Your child eats a bag of brightly colored candy and within an hour is bouncing off the walls (literally). Naturally, you assume the sugar is to blame. But is it just the sugar?
According to the US Center for Disease Control, the national rate of attention-deficit/hyperactivity disorder or ADHD (which now encompasses attention deficit disorder or ADD) diagnosis increased an average of 3% per year from 1997 to 2006, and an average of 5.5% per year from 2003 to 2007. In 2007, approximately 9.5% of American children 4-17 years of age (5.4 million) were diagnosed with ADHD.
These numbers are absolutely insane!
While the causes of behavioral issues are not entirely known and likely to vary, numerous studies suggest that certain ingredients, particularly those found in processed foods, are triggering behavioral problems in children. With 90% of the average American’s food budget going towards processed foods, and the astounding spike in behavioral issues, this is a serious public health concern.
Over the past 50 years, chemical dyes used in foods has increased by a whopping 500%. A total of nine synthetic dyes are used by food manufacturers in the US, but 3 dyes (Red 40, Yellow 5 and Yellow 6) make up 90% of the market. These dyes are everywhere, from cereal to toothpaste, apple sauce to cough syrup.
Studies dating back to the seventies have found that removing these dyes from a child’s diet has a profound effect, about a quarter of the effect of prescribed ADHD medicine.
Warning labels for synthetic food dyes are required in much of Europe, and concerns about the dyes have even caused some governments to ban their use (to see other food additives that have banned by other countries yet are still allowed for use in the US, click here). In response to this legislation and public concern, certain American companies like Kellogg’s, General Mills and Kraft have completely done away with artificial dyes in their products sold overseas, though the dyes remain in their products sold to the American-market.
Though in 2011 the US FDA (Food and Drug Administration) voted against putting warning labels on foods containing synthetic dyes in the US, some American stores such as Whole Foods do not sell products containing artificial dyes.
Celiac disease and gluten intolerance is becoming increasingly common: it is estimated that 1 in every 133 individuals has celiac disease, and that up to 8% of all individuals experience gluten intolerance.
Children and adults with undiagnosed celiac disease have a much higher risk of ADHD than the general population. One study found that amongst a test group of individuals diagnosed with ADHD, 15% tested positive for celiac disease. This is a markedly higher incidence than is found in the general population, which sees a 1% rate. Once these individuals started a gluten-free diet, they (or their parents in the case of children) reported significant improvements in their behavior and functioning.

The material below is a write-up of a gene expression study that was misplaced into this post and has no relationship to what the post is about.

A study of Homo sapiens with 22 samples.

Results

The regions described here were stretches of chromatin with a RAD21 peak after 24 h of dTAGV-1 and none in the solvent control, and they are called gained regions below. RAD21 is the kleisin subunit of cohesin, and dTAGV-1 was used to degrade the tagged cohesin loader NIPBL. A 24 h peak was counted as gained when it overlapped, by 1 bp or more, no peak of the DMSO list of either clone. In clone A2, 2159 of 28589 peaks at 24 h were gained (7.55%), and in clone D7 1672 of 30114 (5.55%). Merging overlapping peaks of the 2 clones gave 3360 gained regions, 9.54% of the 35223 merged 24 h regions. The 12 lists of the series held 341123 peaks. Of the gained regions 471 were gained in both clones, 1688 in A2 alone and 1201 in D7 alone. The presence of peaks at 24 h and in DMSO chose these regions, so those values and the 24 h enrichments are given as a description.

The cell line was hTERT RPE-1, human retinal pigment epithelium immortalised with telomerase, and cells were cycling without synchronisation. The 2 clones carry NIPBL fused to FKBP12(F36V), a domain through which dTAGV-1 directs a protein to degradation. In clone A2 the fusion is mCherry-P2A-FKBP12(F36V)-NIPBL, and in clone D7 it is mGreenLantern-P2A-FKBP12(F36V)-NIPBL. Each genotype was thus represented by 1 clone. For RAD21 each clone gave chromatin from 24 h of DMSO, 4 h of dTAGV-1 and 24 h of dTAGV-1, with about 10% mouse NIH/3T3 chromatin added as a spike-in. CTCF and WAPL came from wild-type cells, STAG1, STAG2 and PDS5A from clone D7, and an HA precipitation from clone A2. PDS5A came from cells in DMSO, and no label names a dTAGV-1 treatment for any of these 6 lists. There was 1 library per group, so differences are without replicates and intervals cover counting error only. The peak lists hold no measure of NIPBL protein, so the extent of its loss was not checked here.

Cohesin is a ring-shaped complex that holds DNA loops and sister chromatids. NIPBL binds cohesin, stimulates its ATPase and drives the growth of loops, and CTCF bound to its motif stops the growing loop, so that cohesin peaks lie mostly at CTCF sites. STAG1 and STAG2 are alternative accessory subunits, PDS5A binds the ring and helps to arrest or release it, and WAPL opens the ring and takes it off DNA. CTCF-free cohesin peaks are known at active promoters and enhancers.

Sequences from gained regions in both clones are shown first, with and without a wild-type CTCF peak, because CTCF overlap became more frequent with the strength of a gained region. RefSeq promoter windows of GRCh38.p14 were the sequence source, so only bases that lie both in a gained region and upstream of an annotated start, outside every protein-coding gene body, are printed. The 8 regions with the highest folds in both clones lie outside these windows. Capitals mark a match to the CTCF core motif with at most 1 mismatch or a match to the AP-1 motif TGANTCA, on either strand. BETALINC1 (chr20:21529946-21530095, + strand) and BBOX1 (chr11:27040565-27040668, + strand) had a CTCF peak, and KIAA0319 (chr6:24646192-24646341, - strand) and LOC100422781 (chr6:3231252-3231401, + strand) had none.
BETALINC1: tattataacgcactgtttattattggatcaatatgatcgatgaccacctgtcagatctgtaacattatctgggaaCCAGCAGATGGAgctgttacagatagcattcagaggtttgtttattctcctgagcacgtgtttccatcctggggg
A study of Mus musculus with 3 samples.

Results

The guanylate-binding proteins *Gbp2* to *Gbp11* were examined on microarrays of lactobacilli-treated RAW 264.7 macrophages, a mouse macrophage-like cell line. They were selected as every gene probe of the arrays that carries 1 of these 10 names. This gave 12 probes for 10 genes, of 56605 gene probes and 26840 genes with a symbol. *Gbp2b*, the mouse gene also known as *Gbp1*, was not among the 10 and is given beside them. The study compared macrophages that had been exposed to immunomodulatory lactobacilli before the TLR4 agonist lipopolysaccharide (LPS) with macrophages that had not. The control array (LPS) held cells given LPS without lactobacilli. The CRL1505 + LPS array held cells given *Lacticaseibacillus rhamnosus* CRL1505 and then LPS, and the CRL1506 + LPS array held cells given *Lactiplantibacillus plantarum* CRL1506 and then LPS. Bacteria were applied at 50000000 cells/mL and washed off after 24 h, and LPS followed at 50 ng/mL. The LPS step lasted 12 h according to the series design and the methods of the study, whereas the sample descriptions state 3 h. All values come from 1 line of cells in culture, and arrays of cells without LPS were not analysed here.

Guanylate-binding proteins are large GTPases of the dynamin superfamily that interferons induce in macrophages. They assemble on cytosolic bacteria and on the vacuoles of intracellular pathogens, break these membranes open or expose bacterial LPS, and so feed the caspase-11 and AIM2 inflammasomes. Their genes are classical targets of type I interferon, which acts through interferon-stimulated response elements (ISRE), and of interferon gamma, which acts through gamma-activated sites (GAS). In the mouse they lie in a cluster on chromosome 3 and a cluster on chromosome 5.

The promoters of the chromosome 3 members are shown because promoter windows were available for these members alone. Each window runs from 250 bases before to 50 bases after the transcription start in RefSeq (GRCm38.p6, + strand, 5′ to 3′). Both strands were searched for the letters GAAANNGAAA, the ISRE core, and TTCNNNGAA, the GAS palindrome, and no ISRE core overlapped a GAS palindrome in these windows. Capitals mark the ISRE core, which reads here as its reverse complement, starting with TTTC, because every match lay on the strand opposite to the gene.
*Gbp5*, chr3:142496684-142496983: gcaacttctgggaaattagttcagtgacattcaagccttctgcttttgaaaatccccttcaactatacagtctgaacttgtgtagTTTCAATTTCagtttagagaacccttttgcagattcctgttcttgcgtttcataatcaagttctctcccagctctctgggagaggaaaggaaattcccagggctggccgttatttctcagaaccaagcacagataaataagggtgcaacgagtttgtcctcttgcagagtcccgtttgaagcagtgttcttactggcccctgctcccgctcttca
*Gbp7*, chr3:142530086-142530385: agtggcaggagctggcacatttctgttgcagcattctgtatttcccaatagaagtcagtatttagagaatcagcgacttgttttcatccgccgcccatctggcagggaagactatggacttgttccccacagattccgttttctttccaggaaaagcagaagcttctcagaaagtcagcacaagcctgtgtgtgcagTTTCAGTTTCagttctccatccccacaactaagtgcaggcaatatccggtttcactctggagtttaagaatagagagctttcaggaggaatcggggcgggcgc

Soy can be found in most processed foods nowadays, from infant formula to bread. While this so-called “health food” has been linked to several health ailments, the problem with soy here is that fact that it is extremely high in manganese. Though an essential nutrient, when consumed in excess, manganese becomes a potent neurotoxin. Mounting evidence shows that excessive exposure to manganese increases the risk of neurological problems, learning disabilities, developmental disorders, mental health disorders, and ADHD.
Aspartame has been linked to an array of emotional and behavioral disorders. High levels of aspartame can alter serotonin levels, which can lead to behavioral problems, anxiety, and other emotional disorders. In some studies, the side effects were so severe that doctors were forced to prematurely end the studies.
MSG (monosodium glutamate) is an excitotoxin, a type of neurotoxin that essentially excites your brain cells to death. It has profound effects on the mood and behavior of children in particular. According to neurosurgeon Russell Blaylock, author of Excitotoxins: The Taste That Kills, MSG crosses the blood/brain barrier and can cause the developing nerve fibers to be miswired.
MSG is found in most fast foods as well as processed meats, frozen meals, soup mixes, salad dressings and many other processed foods. Unfortunately, there are numerous pseudonyms for MSG that may appear on ingredient labels that you need to look out for: hydrolyzed protein, autolyzed yeast, sodium caseinate.
Sources and further reading
- Centers for Disease Control and Prevention, Attention-Deficit / Hyperactivity Disorder (ADHD)
- Center for Science in the Public Interest, Food Dyes: A Rainbow of Risks
- The New York Times, F.D.A. Panel to Consider Warnings for Artificial Food Colorings
- Science, Behavioral responses to artificial food colors
- Healthy Children, Your Child’s Diet: A Cause and a Cure of ADHD?
- Center for Science in the Public Interest’s Petition to Ban the Use of Yellow 5 and Other Food Dyes
- FitDay, 5 reasons aspartame is bad for you
- Dr. Mercola, What’s In That? How Food Affects Your Behavior
- Dr. Mercola, Warning: Please Avoid Feeding This to Your Child
- University of Maryland Medical Center, Attention deficit hyperactivity disorder
- About, Can a Gluten-Free Diet Help You Manage Attention Deficit Hyperactivity Disorder?